This week, IDW will be releasing "Ghostbusters: Past, Present and Future." The holiday special issue, in which the team is hired by a stodgy old rich man to deal with three spirits that haunt him every Christmas, struck me as strangely familiar.

And no, I'm not talking about the obvious sense in that there's several dozen new reinterpretations of A Christmas Carol released every December. When I first heard the plot summary, I got the strangest feeling of deja vu, a sensation that I'd seen this story before. Thanks to the limitless font of information that is the internet, I was able to verify that I had.

The animated series "The Real Ghostbusters" aired an episode entitled "X-Mas Marks the Spot" back during its first season. Written by "Thor", "The Brave and the Bold," and now "Superman: Earth One" scribe J. Michael Straczynski, who was the series' story editor at the time, the episode told the tale of the Ghostbusters confronting the three ghosts that tormented Ebeneezer Scrooge.

It originally aired almost twenty-three years ago on December 13, 1986. I can't tell you exactly when I first saw it, as I was a small child at the time. Apparently I somehow came to believe that knowing every single detail of how I watched cartoons in the '80s would never be relevant more than twenty years later. I was young and foolish and can only offer my deepest apologies for this careless oversight.

So with the upcoming release of IDW's take on the story, I decided to rewatch the cartoon. Now even without having seen this show in ages, there are many things I could have told you about it off the top of my head, since I can remember details about television shows from my childhood in a way I'd never be able to remember actual facts that professional educators told me less than half as long ago.

For instance, I could have told you from memory that the Ghostbusters were somehow sucked back in time, came upon Scrooge on Christmas Eve and then trapped the ghosts of Christmas Past, Present and Future. And that when they returned to the their own time they found that Scrooge had written a book about his feelings on Christmas which had effectively ended the holiday forever and resulted in everyone saying "Bah, humbug" constantly.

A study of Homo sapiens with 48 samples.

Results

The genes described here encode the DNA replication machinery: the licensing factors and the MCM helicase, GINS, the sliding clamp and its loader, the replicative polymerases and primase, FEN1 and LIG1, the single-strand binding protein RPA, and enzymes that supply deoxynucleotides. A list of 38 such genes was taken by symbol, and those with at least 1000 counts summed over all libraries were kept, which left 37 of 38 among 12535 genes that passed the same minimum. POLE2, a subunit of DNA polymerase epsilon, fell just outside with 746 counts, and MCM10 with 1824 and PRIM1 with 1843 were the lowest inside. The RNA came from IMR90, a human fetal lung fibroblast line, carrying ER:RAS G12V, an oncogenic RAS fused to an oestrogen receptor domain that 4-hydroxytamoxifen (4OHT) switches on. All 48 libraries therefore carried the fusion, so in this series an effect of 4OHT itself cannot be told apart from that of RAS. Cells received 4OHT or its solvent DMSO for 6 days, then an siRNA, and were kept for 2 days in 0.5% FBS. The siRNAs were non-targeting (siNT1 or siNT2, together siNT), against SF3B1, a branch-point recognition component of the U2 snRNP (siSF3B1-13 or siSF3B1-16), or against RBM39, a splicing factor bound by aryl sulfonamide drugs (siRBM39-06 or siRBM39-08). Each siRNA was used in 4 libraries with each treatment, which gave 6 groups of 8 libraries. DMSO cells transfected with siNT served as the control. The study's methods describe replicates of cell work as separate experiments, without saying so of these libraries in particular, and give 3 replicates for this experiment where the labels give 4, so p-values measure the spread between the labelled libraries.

Although somehow even though people didn't observe Christmas, they still knew when it was and Scrooge's book was still being sold in bookstores during the holiday season a hundred and fifty years later. With that fairly specific outline of the story in mind, I pulled the show up on YouTube and had a little encounter with my own Ghost of Christmas Past:

(And here's the second part of the episode, although if you want to really exercise the nostalgia muscles you may want to watch this version with lower video quality that includes the opening credits.)

Now, I'm not going to tell you the episode is by any means a masterpiece, but seeing it again was a pleasant enough stroll down memory lane. And I quickly realized there were some details of the plot I'd forgotten. For example, Scrooge tries to shirk his way out of the bill and then, once the Ghostbusters have left, he steps over to the nearest window, shakes his fist at the sky and declares vengeance against Christmas while speaking in the third person.

And then there's the part where Egon has to free the three wrongfully imprisoned spirits from the containment unit while Peter, Ray and Winston go back in time again and impersonate the ghosts in an attempt to teach Scrooge the true meaning of Christmas and thus fix the past. In Peter's case, this involves dressing in drag, strapping a View-Master to Scrooge's head and pushing him around in a wheelchair.

I have to admit that revisiting this moment from my formative years made me look forward to the IDW special, and yet at the same time it left me a little worried about it. It's a clever premise, and I'm not bothered by the fact that something similar has been done before. I watched a lot of superhero cartoons as a kid, too, and if anything that made me more interested in deeper interpretations of the characters in films like "The Dark Knight" or books like "All-Star Superman."

But the fact that I was able to clearly remember this episode decades later also means that "Ghostbusters: Past, Present and Future" is treading on my hallowed childhood memories. If it's not done well, this one's going to hurt me much worse than the average sub-standard comic. On the other hand if manages to hit all the right notes maybe I'll still be fondly remembering it decades from now.